As part of their fiscal fourth quarter conference call today, PalmSource announced a 16% reduction in staff, a smaller loss than the same period a year ago, and a brand new licensee coming to the table. Of course the last part is the most interesting and could provide great momentum as PalmSource evolves into a new entity.
The financials get a little convoluted, so let’s look at numbers we can all grasp. Palm OS licensees reported shipping a total of approximately 1.1 million units during the quarter, of which 37 percent were Smartphones and 63 percent were PDA’s and other mobile handheld devices. This compares to a total of approximately 1.4 million units shipped in the fourth quarter of fiscal 2004, of which 18 percent were Smartphones and 82 percent were PDA’s and other mobile handheld devices. 300,000 fewer units were shipped and the number of total Smartphones shipped doubled, even in the face of a overall decline. Obviously the standard PDA is taking the largest hit, evidenced further by the preponderance of new units from manufacturers other than palmOne having phone capabilities.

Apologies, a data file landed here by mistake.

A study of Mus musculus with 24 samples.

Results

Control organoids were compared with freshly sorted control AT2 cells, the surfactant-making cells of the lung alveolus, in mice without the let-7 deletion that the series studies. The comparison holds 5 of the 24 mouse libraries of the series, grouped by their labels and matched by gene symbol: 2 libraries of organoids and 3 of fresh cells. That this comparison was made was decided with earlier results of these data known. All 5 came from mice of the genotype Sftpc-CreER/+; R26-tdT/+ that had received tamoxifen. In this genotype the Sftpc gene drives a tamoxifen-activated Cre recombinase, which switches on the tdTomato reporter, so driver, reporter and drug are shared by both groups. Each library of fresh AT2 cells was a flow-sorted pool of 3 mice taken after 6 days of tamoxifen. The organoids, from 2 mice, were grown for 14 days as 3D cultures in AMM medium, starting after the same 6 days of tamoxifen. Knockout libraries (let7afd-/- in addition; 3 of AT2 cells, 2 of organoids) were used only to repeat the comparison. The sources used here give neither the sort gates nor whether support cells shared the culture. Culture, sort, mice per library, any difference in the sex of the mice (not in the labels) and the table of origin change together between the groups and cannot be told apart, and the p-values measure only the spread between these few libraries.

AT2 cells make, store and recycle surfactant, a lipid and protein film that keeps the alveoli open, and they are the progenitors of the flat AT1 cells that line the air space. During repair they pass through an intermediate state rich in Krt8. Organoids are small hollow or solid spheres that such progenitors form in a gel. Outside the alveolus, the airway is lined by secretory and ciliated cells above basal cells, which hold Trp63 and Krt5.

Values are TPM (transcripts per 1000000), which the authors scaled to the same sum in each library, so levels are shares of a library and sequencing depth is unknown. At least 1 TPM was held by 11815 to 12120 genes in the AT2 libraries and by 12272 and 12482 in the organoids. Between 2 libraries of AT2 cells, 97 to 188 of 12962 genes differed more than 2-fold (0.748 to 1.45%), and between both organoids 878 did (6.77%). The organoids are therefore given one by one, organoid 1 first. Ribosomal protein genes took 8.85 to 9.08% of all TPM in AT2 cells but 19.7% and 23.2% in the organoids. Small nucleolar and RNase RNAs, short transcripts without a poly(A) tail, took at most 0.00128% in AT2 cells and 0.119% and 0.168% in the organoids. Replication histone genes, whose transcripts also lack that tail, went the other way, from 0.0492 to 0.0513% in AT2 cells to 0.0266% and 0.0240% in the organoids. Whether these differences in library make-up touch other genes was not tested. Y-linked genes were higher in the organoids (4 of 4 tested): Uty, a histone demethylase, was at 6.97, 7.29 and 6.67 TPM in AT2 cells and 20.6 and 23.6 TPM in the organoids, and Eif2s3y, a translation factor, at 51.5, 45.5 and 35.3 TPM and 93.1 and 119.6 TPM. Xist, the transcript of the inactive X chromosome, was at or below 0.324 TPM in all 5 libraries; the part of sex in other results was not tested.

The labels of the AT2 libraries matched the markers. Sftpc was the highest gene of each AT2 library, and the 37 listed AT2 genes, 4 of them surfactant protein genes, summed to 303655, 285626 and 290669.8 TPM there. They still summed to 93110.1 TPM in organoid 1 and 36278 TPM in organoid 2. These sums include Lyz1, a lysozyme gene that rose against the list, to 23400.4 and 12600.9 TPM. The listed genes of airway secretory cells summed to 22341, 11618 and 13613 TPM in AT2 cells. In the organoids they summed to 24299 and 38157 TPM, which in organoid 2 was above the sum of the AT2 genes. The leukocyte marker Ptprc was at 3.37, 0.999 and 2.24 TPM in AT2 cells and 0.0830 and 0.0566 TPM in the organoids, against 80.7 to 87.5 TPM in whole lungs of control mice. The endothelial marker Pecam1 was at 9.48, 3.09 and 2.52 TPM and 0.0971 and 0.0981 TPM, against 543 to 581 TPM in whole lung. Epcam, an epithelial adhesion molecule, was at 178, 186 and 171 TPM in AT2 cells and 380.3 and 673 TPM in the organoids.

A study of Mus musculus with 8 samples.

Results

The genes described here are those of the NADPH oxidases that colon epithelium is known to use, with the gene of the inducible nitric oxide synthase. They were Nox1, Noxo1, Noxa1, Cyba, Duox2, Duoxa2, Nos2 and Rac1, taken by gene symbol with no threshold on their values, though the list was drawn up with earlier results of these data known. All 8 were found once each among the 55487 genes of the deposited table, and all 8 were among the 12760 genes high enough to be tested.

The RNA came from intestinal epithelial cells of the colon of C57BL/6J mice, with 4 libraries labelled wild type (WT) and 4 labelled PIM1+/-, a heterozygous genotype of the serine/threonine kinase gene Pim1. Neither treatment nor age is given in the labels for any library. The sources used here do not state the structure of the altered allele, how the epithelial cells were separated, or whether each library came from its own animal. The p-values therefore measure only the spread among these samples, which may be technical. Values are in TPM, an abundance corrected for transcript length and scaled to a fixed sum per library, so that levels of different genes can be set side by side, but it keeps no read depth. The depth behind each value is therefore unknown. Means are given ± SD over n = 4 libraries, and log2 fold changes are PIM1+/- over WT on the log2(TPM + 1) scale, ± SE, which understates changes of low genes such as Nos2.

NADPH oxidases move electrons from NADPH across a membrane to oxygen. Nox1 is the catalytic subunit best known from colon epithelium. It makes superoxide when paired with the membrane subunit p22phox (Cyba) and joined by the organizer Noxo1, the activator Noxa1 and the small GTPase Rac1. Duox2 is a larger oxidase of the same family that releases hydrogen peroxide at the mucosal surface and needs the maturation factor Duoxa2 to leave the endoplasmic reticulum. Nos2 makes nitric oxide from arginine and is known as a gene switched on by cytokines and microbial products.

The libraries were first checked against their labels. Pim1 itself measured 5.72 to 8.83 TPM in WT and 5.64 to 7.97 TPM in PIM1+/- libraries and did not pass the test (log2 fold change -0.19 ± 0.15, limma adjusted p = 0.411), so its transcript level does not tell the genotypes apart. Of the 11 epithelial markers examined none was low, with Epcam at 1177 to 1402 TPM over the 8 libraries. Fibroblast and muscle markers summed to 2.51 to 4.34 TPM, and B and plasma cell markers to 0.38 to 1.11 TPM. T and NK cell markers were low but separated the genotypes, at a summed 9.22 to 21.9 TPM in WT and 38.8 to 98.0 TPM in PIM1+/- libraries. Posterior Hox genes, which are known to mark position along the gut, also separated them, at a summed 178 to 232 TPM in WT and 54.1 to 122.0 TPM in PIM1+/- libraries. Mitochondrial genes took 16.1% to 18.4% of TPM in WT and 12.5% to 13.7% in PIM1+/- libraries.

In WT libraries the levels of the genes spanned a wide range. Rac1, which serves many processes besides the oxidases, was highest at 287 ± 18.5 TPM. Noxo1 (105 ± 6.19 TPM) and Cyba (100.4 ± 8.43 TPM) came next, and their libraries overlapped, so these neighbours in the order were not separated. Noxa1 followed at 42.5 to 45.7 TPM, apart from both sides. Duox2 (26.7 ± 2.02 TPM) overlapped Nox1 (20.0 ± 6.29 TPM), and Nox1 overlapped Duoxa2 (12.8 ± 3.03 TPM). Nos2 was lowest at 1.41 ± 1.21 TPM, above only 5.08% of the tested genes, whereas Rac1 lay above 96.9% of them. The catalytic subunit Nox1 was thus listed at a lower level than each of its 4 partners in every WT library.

On this point, Patrick McVeigh, interim CEO, said, “While we still face significant challenges over the next several quarters, we continue to move forward with our development efforts in the broader mobile phone market.” He went on to say, “We are committed to our transition to Linux-based platforms that deliver a great user experience.”
Beyond that, McVeigh indicated there will be a new licensee announcement soon. He indicated that the deal is done and it’s a top 5 global handset manufacturer. While I don’t have an official top 5 chart, Nokia is #1 with Motorola, SonyEricsson, Samsung, LG, Siemens and Sanyo in the mix. Of course Samsung is already a Palm OS licensee. Any of the others, especially Nokia, Motorola or SonyEricsson, would be huge news.
Could Sony be getting back into the game after a long layoff, via the SonyEricsson brand? Could Nokia be looking to push into mainstream Smartphones? Is Motorola frustrated by their many Windows Mobile based failures? Or are we mis-interpreting this and he meant a ODM like PiTech or GSPDA? An argument could be made for any of them, we’ll just have to hold tight to see who it is and what sort of products come to market.